A note from Seva's Executive Director about COVID-19
IAPB brings together governments and non-governmental agencies with the goal of eliminating avoidable blindness and vision impairment. IAPB’s Vision Atlas compiles the latest, definitive research on global eye health to inform this effort.
This award celebrates Kandel’s 25 years leading Seva Nepal, during which time he established new primary eye care centers and eye hospitals while strengthening the financial and administrative health of these facilities. Seva now supports eye care for 9.2 million Nepalese people (out of a population of 30 million).
Kandel became an ophthalmic assistant in 1982, after earning an undergraduate degree in health management and master’s degrees in health education and public health. He worked as an ophthalmic assistant, outreach coordinator and health educator at Lumbini Eye Institute from 1983-92. He rose to his position as Seva Nepal Program Director in 1993.
Over the past four decades, Seva and its Nepalese partners have provided eye exams to 5 million people and performed 500,000 eye surgeries. Last year alone, Seva Nepal supported 846,600 eye exams, including 280,900 for children, and 78,900 cataract surgeries, and trained 4,400 community health workers and school teachers in primary eye care.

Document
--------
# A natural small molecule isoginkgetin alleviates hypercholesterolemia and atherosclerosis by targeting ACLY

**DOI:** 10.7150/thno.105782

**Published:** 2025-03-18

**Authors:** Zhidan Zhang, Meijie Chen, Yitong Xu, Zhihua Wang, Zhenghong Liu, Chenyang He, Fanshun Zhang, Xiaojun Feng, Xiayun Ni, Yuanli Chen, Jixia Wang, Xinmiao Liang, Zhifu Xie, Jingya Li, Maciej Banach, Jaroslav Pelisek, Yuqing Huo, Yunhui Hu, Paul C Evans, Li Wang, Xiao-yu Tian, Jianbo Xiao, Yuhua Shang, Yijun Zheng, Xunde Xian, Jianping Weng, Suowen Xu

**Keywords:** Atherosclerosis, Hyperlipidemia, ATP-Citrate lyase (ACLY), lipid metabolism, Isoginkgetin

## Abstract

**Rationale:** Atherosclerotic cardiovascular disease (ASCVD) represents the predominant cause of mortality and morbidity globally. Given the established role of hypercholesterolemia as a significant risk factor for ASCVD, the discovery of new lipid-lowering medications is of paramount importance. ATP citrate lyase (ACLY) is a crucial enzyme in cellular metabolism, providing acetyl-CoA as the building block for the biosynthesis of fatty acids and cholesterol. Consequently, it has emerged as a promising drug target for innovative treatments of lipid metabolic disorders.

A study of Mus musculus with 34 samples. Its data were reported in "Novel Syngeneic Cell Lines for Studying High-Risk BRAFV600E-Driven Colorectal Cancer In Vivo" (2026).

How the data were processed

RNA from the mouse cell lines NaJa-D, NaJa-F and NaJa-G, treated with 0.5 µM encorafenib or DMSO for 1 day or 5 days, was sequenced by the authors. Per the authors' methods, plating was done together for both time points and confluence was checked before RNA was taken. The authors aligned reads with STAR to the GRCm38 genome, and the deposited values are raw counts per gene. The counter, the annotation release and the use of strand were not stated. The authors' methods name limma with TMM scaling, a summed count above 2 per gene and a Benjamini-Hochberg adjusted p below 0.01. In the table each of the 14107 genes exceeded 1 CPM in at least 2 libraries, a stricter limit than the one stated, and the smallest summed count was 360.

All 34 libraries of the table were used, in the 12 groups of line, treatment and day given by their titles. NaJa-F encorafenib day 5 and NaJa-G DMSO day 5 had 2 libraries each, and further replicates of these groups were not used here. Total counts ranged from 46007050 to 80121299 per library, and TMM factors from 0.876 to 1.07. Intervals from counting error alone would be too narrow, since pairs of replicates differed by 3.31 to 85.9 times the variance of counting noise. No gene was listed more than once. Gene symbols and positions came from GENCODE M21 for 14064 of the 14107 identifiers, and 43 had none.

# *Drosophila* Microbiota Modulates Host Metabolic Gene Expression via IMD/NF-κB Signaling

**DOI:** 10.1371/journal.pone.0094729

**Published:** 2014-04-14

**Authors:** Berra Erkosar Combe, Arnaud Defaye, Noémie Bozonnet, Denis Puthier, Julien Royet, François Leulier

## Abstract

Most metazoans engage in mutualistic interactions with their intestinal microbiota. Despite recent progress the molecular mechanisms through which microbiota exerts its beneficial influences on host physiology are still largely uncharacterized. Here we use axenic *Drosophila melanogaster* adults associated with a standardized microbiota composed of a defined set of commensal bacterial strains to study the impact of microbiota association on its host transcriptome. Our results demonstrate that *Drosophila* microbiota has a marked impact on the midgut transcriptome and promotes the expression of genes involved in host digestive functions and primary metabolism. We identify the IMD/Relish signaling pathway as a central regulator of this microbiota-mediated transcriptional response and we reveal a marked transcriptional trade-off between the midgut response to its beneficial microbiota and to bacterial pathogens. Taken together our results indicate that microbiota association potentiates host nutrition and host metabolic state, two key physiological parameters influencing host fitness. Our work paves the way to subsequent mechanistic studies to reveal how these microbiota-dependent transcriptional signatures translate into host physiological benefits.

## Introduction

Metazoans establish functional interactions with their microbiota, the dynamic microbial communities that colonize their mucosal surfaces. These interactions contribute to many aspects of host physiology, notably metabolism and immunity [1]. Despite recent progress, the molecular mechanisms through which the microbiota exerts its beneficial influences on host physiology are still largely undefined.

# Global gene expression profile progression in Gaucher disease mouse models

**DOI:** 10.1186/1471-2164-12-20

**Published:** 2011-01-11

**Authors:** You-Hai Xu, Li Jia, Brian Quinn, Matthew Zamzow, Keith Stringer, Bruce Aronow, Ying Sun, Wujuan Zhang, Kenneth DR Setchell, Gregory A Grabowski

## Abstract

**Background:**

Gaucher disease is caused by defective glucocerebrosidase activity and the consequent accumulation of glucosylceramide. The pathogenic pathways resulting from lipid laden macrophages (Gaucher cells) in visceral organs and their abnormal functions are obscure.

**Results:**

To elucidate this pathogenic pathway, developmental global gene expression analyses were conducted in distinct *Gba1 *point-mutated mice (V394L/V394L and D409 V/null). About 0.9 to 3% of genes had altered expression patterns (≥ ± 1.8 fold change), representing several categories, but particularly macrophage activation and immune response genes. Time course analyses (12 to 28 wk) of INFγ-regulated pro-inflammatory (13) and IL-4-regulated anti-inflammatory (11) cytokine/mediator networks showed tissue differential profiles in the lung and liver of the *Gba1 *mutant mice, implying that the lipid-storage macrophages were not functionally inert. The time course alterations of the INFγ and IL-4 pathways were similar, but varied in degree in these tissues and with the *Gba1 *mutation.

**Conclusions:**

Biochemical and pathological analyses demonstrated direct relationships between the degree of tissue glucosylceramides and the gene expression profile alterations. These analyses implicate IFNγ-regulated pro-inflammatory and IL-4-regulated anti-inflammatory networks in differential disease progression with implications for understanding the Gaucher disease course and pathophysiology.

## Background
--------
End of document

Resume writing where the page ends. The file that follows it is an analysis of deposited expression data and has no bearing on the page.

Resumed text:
The world’s first comprehensive nationwide survey to estimate the prevalence and causes of blindness was conducted by Seva, the World Health Organization and Nepal’s Ministry of Health in 1980-81. At that time, Nepal had only seven ophthalmologists and no mid-level ophthalmic personnel, with eye care facilities limited to Kathmandu. The country now has 200 ophthalmologists and 1,000 mid-level personnel, with 17 eye hospitals and 59 primary eye care centers throughout the country.
Kandel says that growing up poor in a remote village inspired him to dedicate his life to providing eye care to all the people of Nepal. “I’m the luckiest person in the world,” he told IAPB, “because I can share the happiness of people who have their sight restored and their lives changed.” Seva is pretty lucky, too, to call him one of our own.
Top: Kandel helps a patient cross a river on the way to treatment during his early days at Lumbini Eye Institute in 1986. Photo by Rameshwar Das.
Above: Seva Nepal Program Director Ram Prasad Kandel with his Eye Health Hero certificate from IAPB.
Kandel conducts an eye screening at a school in Gulmi, Nepal in 2012. Photo by Ellen Crystal.
* We won't share your email and you can unsubscribe at any time.